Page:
Why the Core is Gold

In Heinemann’s Pathways to the Common Core by Lucy Calkins, Mary Ehrenworth, and Christopher Lehman, the first chapter states that we can read the Core as a “curmudgeon” or we can read them as if they are gold.

I agree there are aspects of gold.

Taken from Bill David Brooks Flickr Photostream
Taken from Bill David Brooks Flickr Photostream

Pathways asserts that an asset of the  Common Core State Standards (CCSS) is  they demand higher-level skills than ever before, and the CCSS organizes these goals “through time, across years, and across disciplines.”  I admit it; that is gold.

Pathways also asserts that the CCSS places equal weight on reading and writing.  Agreed.  No Child Left Behind did not address writing, which evolved into an imbalance and neglect.

Pathways further notes that the CCSS stress “the importance of critical citizenship,” meaning that “The Common Core document asks us to bring up a generation . . . who listen to or read a claim and ask, ‘Who is making this claim? What is that person’s evidence? What other positions are being promulgated?”  Agreed.  In the age of internet and in corporate-owned media empires, we owe this skill to our children and  our democracy.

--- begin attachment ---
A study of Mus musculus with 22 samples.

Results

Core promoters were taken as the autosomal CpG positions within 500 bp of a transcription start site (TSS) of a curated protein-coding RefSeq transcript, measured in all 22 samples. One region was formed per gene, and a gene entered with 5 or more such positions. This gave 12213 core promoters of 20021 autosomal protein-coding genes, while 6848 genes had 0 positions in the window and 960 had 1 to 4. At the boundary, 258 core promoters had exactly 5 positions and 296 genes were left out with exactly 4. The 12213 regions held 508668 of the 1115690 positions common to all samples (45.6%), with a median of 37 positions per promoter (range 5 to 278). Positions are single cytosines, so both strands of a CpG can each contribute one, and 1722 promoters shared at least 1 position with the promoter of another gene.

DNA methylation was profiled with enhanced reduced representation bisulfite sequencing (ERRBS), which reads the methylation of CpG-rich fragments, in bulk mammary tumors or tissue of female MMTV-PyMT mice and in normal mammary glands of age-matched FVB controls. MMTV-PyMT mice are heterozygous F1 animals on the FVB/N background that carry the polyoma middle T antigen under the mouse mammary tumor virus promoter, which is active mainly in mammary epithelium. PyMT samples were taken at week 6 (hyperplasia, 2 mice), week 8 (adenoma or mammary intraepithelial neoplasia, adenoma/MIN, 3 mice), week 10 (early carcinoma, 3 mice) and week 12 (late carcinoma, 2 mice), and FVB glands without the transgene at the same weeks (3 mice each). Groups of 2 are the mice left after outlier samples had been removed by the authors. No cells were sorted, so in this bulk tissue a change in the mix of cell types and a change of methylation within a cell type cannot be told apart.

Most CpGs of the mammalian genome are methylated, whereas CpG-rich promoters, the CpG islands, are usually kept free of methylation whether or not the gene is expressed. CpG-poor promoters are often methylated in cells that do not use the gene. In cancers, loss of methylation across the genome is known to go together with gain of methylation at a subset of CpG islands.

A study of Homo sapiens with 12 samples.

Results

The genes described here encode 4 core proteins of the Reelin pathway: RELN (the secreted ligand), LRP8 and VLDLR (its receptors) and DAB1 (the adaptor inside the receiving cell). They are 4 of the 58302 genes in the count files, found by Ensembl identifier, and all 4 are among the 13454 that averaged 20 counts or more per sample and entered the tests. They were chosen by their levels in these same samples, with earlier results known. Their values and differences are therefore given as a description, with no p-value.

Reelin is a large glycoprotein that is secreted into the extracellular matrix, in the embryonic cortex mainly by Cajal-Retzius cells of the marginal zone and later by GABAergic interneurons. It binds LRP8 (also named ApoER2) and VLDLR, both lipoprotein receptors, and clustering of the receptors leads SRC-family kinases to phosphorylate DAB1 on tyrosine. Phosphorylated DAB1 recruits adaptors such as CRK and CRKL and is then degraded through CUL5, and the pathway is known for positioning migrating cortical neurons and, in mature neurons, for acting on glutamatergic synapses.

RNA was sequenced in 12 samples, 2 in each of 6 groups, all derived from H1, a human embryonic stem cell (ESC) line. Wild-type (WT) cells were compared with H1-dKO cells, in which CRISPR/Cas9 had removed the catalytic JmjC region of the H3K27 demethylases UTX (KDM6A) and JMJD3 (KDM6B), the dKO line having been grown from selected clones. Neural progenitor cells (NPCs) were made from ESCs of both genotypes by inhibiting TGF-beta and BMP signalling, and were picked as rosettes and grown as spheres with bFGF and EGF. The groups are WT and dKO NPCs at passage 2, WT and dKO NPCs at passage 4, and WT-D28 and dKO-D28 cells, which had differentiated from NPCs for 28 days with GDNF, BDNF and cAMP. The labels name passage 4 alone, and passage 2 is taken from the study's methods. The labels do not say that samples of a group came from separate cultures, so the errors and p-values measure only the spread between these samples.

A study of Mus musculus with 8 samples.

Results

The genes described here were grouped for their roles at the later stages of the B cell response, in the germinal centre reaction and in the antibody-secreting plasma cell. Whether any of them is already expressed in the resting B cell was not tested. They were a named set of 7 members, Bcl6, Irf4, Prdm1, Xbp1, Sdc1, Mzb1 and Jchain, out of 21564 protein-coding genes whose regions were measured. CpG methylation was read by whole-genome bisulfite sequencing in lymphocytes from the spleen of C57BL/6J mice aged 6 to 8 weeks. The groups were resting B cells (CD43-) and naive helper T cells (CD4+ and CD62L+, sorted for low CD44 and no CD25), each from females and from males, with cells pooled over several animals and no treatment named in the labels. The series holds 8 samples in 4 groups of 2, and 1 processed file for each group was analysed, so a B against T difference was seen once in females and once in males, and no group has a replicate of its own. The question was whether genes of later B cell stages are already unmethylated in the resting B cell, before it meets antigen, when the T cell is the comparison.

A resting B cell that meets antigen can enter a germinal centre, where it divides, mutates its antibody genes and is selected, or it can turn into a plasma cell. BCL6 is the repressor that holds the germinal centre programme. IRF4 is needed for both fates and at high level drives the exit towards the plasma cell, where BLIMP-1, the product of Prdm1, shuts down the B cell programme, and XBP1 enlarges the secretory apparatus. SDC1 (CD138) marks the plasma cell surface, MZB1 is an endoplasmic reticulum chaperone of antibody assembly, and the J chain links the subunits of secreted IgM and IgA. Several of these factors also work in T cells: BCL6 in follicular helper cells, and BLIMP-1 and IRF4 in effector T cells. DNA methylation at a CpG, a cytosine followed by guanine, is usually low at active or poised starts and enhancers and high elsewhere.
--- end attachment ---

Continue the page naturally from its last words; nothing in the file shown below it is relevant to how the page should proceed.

And most of all, yes, absent the testing movement that surrounds it and the mandated programming that frightened districts are enforcing to meet the test, the CCSS appears to respect the professional judgement of classroom teachers.

So there are reasons to think of the Core as Gold.

And I applaud the stated motive of David Coleman when he observes that we live in a  “country [where] students who pass their high school courses and get their high school diplomas still, in their first year of college, are not ready for the demands of college-level work, and many of these kids do not [stay in] college or they fail” in this interview.   I get some of our school’s test results for college remediation; it breaks my heart and spurs me to work smarter.

I also think David Coleman is right when he promotes that “teachers will be sharing their best work and improving their profession, and doing it across state lines.”  We need this.  In the age of internet, we need to do more to share with and learn from each other.

So there is no denying that there is gold.  But let’s remember that gold is always complicated and often dirty, and quite often what appears to be golden is not gold, but gilded, as this post examines.